June 7, 2011

Don’t let the warm weather fool you ““ viruses are still frequent in the summer, according to an expert at Baylor College of Medicine.

“It’s important for people to continue to practice good hand hygiene and cough etiquette during the summer, because there are many viruses still present,” said Dr. Gail Demmler Harrison, professor of pediatrics-infectious disease at BCM and Texas Children’s Hospital.

Rhinovirus, enterovirus out there

Viruses present in warm weather include the summer cold virus, or rhinovirus, as well as enterovirus, which is related to the cold virus.

Enteroviruses can cause symptoms that are more complicated than the common cold, such as sore throat and diarrhea, and can even lead to viral meningitis and inflammation of the heart and liver, said Demmler Harrison.

Parents of babies and young children should also look out for hand, foot and mouth disease, caused by a type of enterovirus, and characterized by ulcers in the back of the throat and a rash on hands and feet.

“There’s no way to treat hand, foot and mouth disease. Just be sure to give your child enough fluids,” said Demmler Harrison.

Respiratory problems

Another year-round virus that can be present in the summer is adenovirus, which can cause respiratory problems. Parainfluenza is a virus that can cause croup, a loud cough; bronchiolitis, swelling and mucus in the small air passages in the lungs; and even bronchitis, inflammation of the main air passages to the lungs.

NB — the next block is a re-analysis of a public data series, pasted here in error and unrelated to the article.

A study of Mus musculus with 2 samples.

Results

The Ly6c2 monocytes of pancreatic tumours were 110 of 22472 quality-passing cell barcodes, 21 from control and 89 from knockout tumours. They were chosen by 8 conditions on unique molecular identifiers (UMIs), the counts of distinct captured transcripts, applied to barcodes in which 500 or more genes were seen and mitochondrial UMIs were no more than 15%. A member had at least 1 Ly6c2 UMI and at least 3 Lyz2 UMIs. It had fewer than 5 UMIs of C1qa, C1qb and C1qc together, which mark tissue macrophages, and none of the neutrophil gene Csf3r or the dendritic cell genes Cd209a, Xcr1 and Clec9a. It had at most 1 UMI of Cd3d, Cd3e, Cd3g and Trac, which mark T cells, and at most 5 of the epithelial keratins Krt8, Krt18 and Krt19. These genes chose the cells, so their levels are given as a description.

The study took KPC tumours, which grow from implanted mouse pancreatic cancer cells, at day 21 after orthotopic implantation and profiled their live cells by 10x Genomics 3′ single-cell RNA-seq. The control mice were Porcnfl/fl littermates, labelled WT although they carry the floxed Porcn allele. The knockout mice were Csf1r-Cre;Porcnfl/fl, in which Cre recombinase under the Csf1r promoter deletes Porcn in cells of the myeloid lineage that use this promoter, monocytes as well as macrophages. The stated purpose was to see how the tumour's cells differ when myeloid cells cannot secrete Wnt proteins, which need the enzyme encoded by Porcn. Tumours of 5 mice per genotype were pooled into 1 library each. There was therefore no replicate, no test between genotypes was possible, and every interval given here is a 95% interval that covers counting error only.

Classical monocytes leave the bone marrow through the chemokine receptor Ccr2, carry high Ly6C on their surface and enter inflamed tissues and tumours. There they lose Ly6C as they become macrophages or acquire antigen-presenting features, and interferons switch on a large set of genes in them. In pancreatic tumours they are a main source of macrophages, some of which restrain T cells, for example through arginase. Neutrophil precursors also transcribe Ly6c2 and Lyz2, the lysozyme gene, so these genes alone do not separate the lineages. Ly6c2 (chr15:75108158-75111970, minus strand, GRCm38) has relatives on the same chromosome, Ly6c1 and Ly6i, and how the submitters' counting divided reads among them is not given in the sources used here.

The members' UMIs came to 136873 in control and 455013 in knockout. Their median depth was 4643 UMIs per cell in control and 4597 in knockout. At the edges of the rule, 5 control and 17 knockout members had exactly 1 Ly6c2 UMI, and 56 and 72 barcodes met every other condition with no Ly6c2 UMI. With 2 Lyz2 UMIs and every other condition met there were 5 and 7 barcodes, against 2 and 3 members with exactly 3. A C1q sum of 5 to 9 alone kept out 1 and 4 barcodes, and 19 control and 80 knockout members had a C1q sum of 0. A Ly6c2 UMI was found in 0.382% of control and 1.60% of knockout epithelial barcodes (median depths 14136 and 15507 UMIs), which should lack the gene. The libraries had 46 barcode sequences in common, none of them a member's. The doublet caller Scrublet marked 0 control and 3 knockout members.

Each of these viruses is spread from person to person and can be dangerous in some cases, said Demmler Harrison.

These viruses cannot be treated with antibiotics, but it’s important to get enough fluid and rest if you have any of these viruses. Someone with a weak immune system should consult their physician if they have symptoms of any of these viruses.

Seek immediate care

If you have any of these viruses, there are symptoms that indicate you should seek care immediately. These include having a high fever for more than three days, vomiting for over 24 hours, diarrhea, severe headaches or chest pain.

“Most of these viruses are more inconvenient than serious, but it’s important to be aware of them and get plenty of fluid and rest if you get them,” said Demmler Harrison.

Those who are traveling in the summer should also be aware that the flu season is geographically dependent, so be sure to check the status of the influenza virus at your destination.